St. Barth evokes images of yachts, restaurants, and nightclubs populated by the rich and famous – and it’s all that, but more. Whether you are among the privileged few or just a daytripper from St. Martin, you can enjoy this French island’s fine beaches, excursions above and below the waves, small-town life, and even a few unexplored corners where few tourists tread.
St Barts is a small island, and its coastline happens to be home to some of the world’s prettiest stretches of sand. It’s possible to hit two different beaches each day, and possibly a third for sunset. Spend one morning at local-favorite Grand Saline beach; where turquoise water is enclosed by two rugged rocks jutting out into the sea to create a calm cove for swimming. The entrance is a little hidden, but when you see a pretty walkway shaded by an umbrella of palms that means you’ve arrived. On your way out, stop for a beer at the unassuming Creole restaurant across from the parking lot, Le Grain de Sel.
Afterward, make the 10-minute drive to Saint Jean beach, the see-and-be seen spot on the island. You can watch the planes take off while you swim in the warm waters, or sip on an icy cocktail from one of the beach bars like Le Nikki Beach. On day two, explore the island’s west side with a hike to the secluded sands of Colombier Beach after soaking up the sun at Gouverneur Beach.
St. Barths may be highly developed as far as Caribbean islands go, but residents also have taken great care to preserve the local marine habitat from overuse and exploitation. The Natural Reserve of St. Barthelemy includes five sanctuary zones around the island that provide protection to underwater habitats while also allowing diving, boating, and fishing under controlled circumstances.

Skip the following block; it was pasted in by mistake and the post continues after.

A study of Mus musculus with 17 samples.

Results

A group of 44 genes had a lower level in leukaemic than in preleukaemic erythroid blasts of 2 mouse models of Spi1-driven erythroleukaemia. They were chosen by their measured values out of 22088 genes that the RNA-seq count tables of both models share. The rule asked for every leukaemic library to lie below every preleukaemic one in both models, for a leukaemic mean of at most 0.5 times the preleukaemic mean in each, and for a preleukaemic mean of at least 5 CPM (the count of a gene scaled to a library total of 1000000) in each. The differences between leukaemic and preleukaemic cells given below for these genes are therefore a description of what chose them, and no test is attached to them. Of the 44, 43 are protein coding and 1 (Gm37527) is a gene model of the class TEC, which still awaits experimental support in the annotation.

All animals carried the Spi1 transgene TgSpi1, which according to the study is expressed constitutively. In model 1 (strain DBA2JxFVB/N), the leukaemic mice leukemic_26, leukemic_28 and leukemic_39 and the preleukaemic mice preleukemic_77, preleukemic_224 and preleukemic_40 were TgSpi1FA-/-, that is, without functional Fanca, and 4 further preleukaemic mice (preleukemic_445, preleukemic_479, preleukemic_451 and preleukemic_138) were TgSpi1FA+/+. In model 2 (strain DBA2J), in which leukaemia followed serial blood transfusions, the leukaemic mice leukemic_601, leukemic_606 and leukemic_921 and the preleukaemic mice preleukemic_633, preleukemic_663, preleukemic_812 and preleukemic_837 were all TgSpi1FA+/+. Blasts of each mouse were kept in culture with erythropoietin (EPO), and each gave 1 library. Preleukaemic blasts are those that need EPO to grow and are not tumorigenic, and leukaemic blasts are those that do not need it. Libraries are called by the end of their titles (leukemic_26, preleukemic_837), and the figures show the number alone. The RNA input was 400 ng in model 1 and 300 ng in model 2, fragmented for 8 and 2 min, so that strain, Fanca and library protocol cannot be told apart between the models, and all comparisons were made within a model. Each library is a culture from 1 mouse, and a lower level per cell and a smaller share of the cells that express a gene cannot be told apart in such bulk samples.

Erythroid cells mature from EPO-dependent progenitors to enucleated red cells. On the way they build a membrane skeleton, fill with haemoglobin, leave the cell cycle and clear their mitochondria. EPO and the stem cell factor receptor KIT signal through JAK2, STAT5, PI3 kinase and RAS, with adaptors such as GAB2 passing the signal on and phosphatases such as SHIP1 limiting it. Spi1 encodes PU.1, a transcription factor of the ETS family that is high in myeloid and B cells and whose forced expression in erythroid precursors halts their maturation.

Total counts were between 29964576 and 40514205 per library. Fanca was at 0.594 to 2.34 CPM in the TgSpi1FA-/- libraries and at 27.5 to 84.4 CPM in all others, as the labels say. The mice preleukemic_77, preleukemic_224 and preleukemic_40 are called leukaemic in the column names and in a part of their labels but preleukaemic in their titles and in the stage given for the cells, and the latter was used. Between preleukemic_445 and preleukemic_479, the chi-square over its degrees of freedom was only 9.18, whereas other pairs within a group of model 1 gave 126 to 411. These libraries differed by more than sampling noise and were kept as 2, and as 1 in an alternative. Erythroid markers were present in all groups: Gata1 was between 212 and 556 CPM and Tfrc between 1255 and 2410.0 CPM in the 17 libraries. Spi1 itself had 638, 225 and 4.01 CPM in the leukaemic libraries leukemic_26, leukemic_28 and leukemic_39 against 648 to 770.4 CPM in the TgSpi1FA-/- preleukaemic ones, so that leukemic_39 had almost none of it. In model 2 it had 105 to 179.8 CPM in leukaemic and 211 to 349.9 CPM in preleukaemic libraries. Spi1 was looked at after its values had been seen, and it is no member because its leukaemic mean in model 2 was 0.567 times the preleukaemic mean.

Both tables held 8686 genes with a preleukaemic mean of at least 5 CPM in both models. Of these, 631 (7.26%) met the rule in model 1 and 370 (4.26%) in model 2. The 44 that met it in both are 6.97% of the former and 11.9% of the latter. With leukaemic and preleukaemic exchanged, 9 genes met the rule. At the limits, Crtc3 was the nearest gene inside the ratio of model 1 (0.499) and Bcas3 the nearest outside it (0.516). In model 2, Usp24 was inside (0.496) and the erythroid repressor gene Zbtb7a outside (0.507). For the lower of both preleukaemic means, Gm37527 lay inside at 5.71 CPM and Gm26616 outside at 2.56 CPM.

Take a walk on St. Bart’s wild side with a visit to the Toiny coast area, which includes L’Anse de Toiny and Grand Fond beaches. The local waters are better for surfing than swimming, but the rocky shoreline and cliffs are fun to explore, particularly on the walking paths around the Le Toiny hotel, which wander around a former coconut plantation. You also can walk from Grand Fond to a series of beautiful natural pools.
Sailing on St. Barth is much like the island itself, slowly paced and spectacularly beautiful with no high gales but rather warm, steady moderate trade winds at 10-20 knots. Lively St. Jean Beach and Grand Cul de Sac are ideal for water sports – windsurfers love the just-right breezes. Lessons are available. Try it!
The promenade parallel to Rue de la Republique in Gustavia, which feels more like a collection of oversized dollhouses than an actual city, is perfect for a sunset stroll. St. Barts has no sales tax, which might make a shopping expedition to places like Dolce & Gabbana a viable option. Move along to nearby Shell Beach, a favorite both for champagne-sipping adults and conch-crazed children.
Touring St. Barth with a knowledgeable guide in an air-conditioned vehicle provides an excellent island orientation and stunning views combined with interesting history and anecdotes. Hiking can be a great way to explore the island too. The most popular trail is the goat path (about a 20-minute walk) from Petite Anse to stunning Colombier Beach, which otherwise can only be accessed by the sea.